Washington HS students take lift-off dreams to New Mexico for seventh straight year

After eight months of construction, five Booker T. Washington High School engineering students finally had a chance to try to launch the high-powered hybrid rocket they nicknamed The Golden Eagle Four. The students traveled to the White Sands Missile Range last week in New Mexico to launch the rocket, hoping to see it reach a height of 100,000 feet.

“Seeing our rocket on the launch pad was one of the most beautiful things I’ve seen,” said Washington senior Michael Ortiz. “We worked so hard to get to that point. We started with calculations on paper to drawing a rocket to actually seeing the rocket on the launch pad.”

When the students were ready to launch the rocket, a faulty pressure release valve prevented take-off, and they were not able to load the oxidizer needed to properly launch the rocket. “Although our rocket didn’t launch the way we would have liked, I think the knowledge we gained was more important in the end,” Ortiz said.

Ortiz was one of 15 students to work on the rocket during the school year, spending time after school and on weekends to build the 550-pound machine that is about 20 feet long. The students began by learning about the history of space and the evolution of rocketry while taking a course in the subject.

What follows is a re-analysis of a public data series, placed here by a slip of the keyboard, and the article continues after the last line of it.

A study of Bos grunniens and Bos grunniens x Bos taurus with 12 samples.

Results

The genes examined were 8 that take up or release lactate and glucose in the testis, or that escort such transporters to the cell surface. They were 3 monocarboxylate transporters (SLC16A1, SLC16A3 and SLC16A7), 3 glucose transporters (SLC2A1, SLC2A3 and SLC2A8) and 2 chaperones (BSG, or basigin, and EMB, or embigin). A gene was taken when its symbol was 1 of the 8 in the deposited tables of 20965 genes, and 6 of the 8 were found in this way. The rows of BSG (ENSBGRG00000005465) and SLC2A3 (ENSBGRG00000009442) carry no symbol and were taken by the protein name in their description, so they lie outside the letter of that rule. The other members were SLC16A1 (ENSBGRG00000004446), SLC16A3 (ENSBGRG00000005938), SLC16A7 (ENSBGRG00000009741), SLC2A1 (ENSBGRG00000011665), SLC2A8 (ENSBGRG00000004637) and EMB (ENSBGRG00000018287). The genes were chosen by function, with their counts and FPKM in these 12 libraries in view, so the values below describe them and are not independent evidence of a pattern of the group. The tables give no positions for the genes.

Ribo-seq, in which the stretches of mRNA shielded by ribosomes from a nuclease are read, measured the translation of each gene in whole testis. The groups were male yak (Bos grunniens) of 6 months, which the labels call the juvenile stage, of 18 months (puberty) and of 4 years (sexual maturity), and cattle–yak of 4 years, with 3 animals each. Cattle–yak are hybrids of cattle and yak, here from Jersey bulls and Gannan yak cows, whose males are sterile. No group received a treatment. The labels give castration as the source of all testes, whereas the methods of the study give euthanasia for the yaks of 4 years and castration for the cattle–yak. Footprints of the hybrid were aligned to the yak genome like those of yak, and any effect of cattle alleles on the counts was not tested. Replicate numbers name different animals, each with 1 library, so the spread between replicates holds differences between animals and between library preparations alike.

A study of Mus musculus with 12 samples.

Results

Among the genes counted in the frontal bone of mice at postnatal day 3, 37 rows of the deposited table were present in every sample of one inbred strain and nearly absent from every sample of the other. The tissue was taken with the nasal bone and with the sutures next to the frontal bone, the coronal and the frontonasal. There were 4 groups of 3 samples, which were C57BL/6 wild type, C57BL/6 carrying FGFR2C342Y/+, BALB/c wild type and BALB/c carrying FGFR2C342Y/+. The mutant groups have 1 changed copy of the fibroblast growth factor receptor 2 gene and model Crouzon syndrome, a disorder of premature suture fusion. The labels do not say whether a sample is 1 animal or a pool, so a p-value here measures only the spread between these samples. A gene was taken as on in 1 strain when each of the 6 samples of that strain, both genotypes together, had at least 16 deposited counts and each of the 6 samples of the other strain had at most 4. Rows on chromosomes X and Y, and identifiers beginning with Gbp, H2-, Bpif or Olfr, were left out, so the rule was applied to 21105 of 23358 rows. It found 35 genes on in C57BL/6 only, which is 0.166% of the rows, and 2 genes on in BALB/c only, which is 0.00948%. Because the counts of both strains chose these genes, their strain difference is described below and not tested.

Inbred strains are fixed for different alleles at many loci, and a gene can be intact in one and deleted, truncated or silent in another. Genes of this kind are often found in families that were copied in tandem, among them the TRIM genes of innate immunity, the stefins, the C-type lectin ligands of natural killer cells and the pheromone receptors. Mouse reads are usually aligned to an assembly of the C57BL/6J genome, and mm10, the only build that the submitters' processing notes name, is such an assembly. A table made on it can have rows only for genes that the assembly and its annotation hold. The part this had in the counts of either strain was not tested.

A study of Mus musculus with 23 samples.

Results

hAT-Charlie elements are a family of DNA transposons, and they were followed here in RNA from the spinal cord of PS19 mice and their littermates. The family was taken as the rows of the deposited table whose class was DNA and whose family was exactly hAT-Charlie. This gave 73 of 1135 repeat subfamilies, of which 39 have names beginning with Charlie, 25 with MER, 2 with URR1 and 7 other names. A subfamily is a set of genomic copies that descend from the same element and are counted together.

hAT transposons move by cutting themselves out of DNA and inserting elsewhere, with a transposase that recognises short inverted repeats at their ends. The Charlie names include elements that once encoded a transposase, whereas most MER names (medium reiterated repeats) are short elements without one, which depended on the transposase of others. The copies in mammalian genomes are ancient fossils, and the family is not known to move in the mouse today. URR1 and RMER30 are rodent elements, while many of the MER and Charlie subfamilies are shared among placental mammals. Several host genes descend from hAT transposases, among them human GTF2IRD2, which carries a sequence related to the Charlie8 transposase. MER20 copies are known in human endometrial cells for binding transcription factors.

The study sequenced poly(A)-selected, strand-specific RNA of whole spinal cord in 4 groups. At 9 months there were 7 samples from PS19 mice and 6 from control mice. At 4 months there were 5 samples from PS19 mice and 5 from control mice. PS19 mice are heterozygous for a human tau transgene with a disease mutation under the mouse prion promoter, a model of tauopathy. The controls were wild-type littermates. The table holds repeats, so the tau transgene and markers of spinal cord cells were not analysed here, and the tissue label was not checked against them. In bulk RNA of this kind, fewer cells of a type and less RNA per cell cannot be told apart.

They later developed a flight profile used to track the rocket’s flight pattern and presented the flight profile to NASA for evaluation before building the rocket made of metal, aluminum, fiberglass and graphite.

“It’s a very difficult challenge with many steps along the way,” said science teacher Dr. Nghia Le, who teaches two courses in rocketry at Washington. “The students had to research the entire project, design the rocket, build it, and test it, which is the most critical part of engineering. This is where the students learn the most.”

Le and a group of his students drove about 15 hours from Houston to White Sands Missile Range, N.M. for the test. The school’s engineering program has participated in the rocket challenge there for seven years.

“We will continue this challenge for as long as we can,” Le said, “as long as we have the mentors, alumni and most importantly motivated students who will put the effort into designing and building our rockets.”